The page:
Prenatal Antibiotics, C-Sections Pose Increased Risk for Childhood Obesity, Says New Study

childobesityDuring pregnancy, expectant mothers are often told what they should or shouldn’t do in order to keep their babies healthy. Now there might be two more items added to that already extensive list: antibiotics and cesarean section delivery.

Columbia University researchers have discovered a possible link between a mother’s antibiotic usage during pregnancy and an increased risk of obesity in the child she is carrying.

The research, published in the International Journal of Obesity, followed 436 healthy, non-smoking pregnant women, who had been recruited at a New York clinic between 1998 and 2006, until their children turned seven years old.

During the second and third trimesters of their pregnancies, 16% of those mothers used antibiotics. However, the study did not track what kinds of antibiotics they used or for what infections they had been administered, but it did allow for control for gestational age, birth weight, breastfeeding, the mother’s body mass index, socioeconomic status and other variables.

Overall, the results were consistent with previous studies that linked antibiotic usage in mothers with obesity in children. The new study found that antibiotic exposure increased the risk of obesity by 84% when compared with children who were not exposed to antibiotics.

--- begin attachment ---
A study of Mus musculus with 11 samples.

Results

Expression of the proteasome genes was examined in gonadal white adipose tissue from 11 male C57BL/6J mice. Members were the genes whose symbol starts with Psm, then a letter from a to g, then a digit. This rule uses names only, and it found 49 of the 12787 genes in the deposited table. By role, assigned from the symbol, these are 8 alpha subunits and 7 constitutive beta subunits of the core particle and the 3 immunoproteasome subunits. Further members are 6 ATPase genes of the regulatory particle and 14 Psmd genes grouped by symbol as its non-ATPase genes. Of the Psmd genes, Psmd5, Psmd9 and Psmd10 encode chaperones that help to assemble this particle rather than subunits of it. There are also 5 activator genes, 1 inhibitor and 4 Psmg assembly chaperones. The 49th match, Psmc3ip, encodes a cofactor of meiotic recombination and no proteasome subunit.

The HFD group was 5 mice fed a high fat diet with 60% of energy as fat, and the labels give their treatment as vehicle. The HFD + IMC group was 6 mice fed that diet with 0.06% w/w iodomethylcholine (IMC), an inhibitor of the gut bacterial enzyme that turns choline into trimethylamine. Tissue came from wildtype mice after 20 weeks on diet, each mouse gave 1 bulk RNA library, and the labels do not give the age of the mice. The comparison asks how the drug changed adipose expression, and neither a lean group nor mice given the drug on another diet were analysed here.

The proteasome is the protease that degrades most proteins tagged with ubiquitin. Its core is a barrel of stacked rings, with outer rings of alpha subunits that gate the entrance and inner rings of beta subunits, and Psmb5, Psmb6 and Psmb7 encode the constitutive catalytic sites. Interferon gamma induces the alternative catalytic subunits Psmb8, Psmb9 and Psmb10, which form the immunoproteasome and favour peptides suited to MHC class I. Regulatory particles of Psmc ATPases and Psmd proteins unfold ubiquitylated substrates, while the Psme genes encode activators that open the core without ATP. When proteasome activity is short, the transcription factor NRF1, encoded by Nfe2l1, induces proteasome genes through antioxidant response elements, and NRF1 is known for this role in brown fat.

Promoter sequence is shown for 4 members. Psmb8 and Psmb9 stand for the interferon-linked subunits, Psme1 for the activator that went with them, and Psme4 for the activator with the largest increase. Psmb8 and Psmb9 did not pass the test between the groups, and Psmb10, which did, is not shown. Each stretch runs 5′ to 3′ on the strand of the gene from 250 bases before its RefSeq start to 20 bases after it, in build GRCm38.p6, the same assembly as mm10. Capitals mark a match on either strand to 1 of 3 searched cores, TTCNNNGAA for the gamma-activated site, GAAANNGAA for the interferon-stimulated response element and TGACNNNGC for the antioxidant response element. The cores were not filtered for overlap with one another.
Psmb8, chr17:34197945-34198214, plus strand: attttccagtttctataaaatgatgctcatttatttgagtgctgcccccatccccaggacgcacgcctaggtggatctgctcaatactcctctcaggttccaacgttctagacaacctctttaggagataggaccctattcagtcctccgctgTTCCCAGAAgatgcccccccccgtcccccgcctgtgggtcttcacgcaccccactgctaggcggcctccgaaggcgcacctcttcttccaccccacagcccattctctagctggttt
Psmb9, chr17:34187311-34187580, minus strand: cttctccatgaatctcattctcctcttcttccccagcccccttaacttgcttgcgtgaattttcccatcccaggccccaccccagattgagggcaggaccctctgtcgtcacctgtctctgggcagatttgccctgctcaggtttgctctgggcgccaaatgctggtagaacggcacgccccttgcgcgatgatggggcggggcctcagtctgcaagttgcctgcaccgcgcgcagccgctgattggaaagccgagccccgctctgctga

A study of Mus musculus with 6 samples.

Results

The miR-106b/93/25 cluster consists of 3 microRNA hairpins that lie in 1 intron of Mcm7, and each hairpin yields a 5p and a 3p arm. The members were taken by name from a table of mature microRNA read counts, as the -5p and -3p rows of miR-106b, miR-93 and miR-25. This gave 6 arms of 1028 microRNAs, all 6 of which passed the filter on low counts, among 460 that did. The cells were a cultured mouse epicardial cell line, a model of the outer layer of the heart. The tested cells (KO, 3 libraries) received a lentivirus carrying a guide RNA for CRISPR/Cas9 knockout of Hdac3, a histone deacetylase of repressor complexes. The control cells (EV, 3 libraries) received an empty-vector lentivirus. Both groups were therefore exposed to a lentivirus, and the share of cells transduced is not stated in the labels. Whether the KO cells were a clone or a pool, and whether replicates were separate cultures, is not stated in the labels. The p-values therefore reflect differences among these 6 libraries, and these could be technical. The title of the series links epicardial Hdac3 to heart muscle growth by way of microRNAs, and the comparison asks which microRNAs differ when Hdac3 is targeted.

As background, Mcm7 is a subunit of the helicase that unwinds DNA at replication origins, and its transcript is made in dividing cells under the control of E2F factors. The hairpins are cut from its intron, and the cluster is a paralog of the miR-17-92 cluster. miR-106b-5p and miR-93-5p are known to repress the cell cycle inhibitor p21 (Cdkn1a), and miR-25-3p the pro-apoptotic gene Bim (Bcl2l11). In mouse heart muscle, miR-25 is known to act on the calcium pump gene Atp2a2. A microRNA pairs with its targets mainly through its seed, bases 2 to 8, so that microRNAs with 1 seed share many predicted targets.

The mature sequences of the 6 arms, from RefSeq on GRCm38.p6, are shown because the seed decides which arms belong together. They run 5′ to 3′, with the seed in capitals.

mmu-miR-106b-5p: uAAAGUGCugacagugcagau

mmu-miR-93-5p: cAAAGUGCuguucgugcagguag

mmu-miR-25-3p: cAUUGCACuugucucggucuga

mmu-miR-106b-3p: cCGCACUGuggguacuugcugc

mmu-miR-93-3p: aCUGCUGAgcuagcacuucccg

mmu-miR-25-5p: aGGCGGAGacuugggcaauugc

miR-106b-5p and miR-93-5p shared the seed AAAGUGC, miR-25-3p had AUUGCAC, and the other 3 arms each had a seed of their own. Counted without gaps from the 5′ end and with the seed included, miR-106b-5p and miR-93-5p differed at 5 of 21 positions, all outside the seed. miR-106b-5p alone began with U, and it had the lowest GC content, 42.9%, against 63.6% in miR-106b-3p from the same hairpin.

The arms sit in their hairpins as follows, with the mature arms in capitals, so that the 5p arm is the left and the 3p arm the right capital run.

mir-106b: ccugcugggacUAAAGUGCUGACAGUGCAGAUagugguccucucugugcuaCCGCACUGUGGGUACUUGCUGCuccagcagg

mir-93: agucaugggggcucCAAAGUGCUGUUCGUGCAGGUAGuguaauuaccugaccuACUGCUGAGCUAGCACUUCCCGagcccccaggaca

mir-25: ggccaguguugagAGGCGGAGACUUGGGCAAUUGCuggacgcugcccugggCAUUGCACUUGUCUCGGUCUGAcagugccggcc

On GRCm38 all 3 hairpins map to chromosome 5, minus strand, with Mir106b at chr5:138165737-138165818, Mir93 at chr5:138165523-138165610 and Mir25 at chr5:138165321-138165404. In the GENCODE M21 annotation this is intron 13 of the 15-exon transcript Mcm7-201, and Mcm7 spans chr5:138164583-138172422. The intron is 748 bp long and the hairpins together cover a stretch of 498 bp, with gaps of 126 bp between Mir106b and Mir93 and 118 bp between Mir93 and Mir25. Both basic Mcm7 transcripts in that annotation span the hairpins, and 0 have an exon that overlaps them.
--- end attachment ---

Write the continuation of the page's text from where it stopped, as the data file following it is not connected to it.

The researchers speculated that the antibiotics could impact microbes in the body and come into contact with the fetus through the placenta. When the antibiotics kill off the natural, healthy bacteria in the colon, they can cause an imbalance that could lead to illness and increase a child’s chance of developing obesity and other conditions later on.

The study’s lead author, Noel Mueller, a postdoctoral research fellow at Columbia University’s Mailman School of Public Health and Institute of Human Nutrition, said the findings still warrant further research in order to study the links to childhood obesity.

Mueller also cautioned the overuse of antibiotics for some. “Our findings should not discourage antibiotic use when they are medically needed, but it is important to recognize that antibiotics are currently overprescribed,” he said in a press release.

A separate portion of the study unrelated to prenatal antibiotic usage associated C-section delivery with a 46% higher risk of childhood obesity. Researchers considered maternal age, ethnicity, birth weight, sex, breastfeeding in the first year, gestational antibiotic use and delivery mode in their analysis.

The researchers speculated that C-section births may also reduce the healthy transmission of bacteria from mother to child during delivery. Mueller called for strategies to give newborns “health-promoting bacteria” after “medically unnecessary C-sections.”